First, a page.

Let’s meet over coffee. (Or is that creepy?)
Last week, one of our followers contacted us for advice. We’ll call him R. A few days later, he got back in touch with an update. And it was somewhat surprising. Here’s what unfolded:
Dear @betterallies — I’ve started leading a new team at a new company, and I want to have a 1-on-1 chat with each of my team members. We don’t have enough meeting rooms, so I was thinking of taking them out to coffee. However, I don’t want to make any of the members on my team uncomfortable, especially the women. Do you have advice on how I should broach the subject? — R
Dear R — It’s good to be sensitive to how your team will feel about an out-of-office meeting. Coffee shops tend to be safe spaces, especially during normal working hours. What if you let everyone know ahead of time that you want to have 1–1s with each person, and that you want to meet in a local coffee shop because of the lack of conference rooms. And if anyone would prefer to stay in the office for the meeting, you’ll do your best to find a room. How does that sound?
Stepping back, it’s important to treat everyone the same. And offer options so they feel comfortable. Gender is only one aspect to consider. Someone could have hearing loss, and can’t hear well in a coffee shop. (For example.)
Let us know how it goes! — @betterallies
Dear @betterallies — Cool that was what I was planning on doing so it’s good to hear it mirrored back to me. Thanks! — R
A few days later, R got back in touch with us. He said the responses were great, and that he’ll be grabbing a coffee with each of the female employees. You read that right…only the women wanted to go out to the coffee shop. Turns out the men on his team don’t drink coffee, and they all preferred to meet at the office.
In his words, “providing the options ahead of time helped individuals make a choice and not feel forced into anything.”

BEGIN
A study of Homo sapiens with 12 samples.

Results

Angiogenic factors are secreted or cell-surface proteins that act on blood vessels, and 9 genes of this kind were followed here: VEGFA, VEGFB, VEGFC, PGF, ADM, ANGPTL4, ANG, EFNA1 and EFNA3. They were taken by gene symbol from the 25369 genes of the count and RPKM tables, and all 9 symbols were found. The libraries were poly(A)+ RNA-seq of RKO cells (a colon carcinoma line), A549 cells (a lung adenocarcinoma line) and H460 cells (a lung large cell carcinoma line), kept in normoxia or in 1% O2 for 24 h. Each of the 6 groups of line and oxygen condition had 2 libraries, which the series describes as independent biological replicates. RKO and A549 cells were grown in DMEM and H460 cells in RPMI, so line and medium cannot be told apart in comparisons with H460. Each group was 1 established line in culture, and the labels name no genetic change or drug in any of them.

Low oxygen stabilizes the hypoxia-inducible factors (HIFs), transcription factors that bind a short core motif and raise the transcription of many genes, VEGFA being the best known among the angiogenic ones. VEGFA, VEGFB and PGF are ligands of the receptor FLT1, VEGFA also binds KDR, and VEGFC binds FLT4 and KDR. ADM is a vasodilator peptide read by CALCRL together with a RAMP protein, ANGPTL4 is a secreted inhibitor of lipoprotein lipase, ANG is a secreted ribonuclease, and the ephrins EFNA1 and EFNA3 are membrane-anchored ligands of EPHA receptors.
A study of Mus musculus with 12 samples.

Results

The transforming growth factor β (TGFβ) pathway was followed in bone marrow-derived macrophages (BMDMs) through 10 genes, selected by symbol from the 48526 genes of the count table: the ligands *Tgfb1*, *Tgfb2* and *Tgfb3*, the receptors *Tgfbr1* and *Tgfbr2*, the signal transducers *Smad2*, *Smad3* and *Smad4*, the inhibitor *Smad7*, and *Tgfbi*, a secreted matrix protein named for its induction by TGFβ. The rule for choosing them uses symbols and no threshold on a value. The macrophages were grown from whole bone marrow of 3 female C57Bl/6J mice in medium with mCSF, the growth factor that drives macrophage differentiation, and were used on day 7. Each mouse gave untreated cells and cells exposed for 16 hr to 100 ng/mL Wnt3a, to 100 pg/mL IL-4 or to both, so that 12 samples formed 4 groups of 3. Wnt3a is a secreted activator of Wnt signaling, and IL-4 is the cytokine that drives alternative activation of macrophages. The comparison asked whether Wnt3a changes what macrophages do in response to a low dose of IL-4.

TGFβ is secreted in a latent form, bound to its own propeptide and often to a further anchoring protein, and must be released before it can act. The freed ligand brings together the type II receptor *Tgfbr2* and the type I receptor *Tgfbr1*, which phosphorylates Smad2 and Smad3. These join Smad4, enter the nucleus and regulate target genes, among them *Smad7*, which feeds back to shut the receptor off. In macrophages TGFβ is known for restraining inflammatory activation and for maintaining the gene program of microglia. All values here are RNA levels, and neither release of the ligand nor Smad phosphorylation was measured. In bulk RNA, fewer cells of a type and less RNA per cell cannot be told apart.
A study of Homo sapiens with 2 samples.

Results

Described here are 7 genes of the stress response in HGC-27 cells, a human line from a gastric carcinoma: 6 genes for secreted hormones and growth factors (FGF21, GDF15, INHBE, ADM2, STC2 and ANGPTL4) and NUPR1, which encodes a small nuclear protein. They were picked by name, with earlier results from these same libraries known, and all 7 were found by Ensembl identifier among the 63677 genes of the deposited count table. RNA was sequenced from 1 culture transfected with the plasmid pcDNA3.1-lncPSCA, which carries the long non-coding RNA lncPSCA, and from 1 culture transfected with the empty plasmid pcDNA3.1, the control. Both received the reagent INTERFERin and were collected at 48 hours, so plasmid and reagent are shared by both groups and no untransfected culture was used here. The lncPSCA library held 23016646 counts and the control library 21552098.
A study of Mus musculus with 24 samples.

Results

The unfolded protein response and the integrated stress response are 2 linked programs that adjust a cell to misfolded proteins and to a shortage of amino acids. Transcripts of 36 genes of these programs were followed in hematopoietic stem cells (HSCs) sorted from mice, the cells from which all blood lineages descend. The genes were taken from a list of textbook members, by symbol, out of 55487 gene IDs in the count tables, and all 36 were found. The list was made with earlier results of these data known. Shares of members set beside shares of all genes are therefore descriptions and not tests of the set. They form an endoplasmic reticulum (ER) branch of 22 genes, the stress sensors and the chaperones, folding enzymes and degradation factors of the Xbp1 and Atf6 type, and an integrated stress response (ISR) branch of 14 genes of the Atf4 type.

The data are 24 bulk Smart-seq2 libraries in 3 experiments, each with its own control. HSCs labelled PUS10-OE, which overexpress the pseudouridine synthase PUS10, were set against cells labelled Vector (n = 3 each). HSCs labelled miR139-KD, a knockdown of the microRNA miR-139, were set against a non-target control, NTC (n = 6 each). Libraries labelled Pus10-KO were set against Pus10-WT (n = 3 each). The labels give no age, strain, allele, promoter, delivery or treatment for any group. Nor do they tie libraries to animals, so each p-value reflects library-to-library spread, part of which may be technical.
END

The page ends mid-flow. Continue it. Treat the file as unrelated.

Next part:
We couldn’t agree more.
Yet, how many of us would have predicted that outcome? Or, did you think like R did? Expecting that his female team members may not feel comfortable meeting him for a coffee?
Here’s the thing. We shouldn’t assume we know what others want. Or how they will react when given a choice. Like R, we should give our employees options whenever possible.
But that’s not all.
We shouldn’t exclude members of the opposite sex from invitations to out-of-the-office activities. Doing so could all too easily propagate a boy’s club workplace culture.
In a recent Atlantic interview, Kim Elsesser, a psychology and gender professor at UCLA, shared an example which caught our attention:
“A boss has season tickets to see a baseball team. He generally invites men from work to join him — not because of discrimination, but because he’s worried about how the invitation would be perceived if he extended it to a woman. So he invites male coworkers to the baseball game, and they discuss work — clients and upcoming projects. The boss hears these male employees’ ideas, and that gives them an advantage in the workplace. As time goes by, he gives them opportunities the women just don’t get.
Over time, men get to know other men much better and women get to know other women much better. Men run most of our companies, and therefore they tend to be the most valuable mentors. When a promotion or a new job opportunity comes up, the man chooses the person that he knows slightly better — the person he had that beer with. Over time, this can have major repercussions.”
Allies, we encourage you to take a quick tally. Over the past 3 months, count the number of co-workers you’ve hung out with outside of the office. Meals. Coffees. Drinks. Baseball games. Rounds of golf. Poker nights. Then count the number of women and underrepresented minorities from your company at these gatherings.
If you’re not happy with your ratio, we’re counting on you to improve it.
Becoming an ally is a journey. Want to join us?